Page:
Found 2 comments on HN
smoyer · 2019-04-10 · Original thread
That's the older edition of the book which covered Redis, Neo4J, CouchDB, MongoDB, HBase, Riak and Postgres. At the time this was published I was already using CouchDB, Redis and PostgreSQL so we bought a (small) crate of these for my new department's employees.

The new edition can be found at and covers Redis, Neo4J, CouchDB, MongoDB, HBase, Postgres, and DynamoDB. I think the most interesting thing about the new edition is that it drops Riak in favor of DynamoDB. They're both K/V stores but trading an open source database for a DBaaS shows me how entrenched the Amazon ecosystem has become in the last 5 years.

Interestingly, one of the authors answers the question of how they chose which databases to cover with "We did have some criteria, if not explicit. The databases had to be open source—we didn’t want to cover any databases that would tie readers to a company." I guess that's not a strong part of the criteria? I guess a database experimenter could still complete the book's exercises using Amazon's free tier?

lightblade · 2012-12-25 · Original thread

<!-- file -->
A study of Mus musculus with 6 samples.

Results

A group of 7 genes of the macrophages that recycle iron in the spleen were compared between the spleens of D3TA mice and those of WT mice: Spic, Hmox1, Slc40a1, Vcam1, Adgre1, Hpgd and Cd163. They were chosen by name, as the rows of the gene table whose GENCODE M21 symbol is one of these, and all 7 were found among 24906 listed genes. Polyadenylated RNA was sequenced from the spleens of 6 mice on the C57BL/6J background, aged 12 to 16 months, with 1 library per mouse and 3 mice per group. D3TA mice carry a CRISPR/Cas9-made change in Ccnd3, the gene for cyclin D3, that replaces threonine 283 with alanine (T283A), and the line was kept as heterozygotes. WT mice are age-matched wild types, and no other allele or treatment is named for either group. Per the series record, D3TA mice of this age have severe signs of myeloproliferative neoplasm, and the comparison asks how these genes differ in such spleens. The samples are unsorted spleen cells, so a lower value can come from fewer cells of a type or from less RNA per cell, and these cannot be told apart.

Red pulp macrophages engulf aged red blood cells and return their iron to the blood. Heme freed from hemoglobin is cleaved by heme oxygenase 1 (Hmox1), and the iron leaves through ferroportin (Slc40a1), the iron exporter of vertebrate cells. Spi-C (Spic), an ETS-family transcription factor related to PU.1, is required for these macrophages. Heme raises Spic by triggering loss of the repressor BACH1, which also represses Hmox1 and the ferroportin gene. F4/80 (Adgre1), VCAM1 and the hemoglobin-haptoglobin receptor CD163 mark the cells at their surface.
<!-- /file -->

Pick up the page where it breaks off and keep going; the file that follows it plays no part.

Seven Databases in Seven Weeks: A Guide to Modern Databases and the NoSQL Movement

Not the kind of short cut book that it may lead you to think. The book is a brief introduction to modern database types and what are their characteristics, what are their use case, and why you should choose it over other database types.

Seven Languages in Seven Weeks: A Pragmatic Guide to Learning Programming Languages (Pragmatic Programmers)

Similar book as above, but introduces you to 7 different programming languages. The focus of the book is not on how to use each language, but to explore the different programming paradigms introduced by each programming language. (prototypical inheritance, functional programming, logic programming, object-oriented programming)

Get dozens of book recommendations delivered straight to your inbox every Thursday.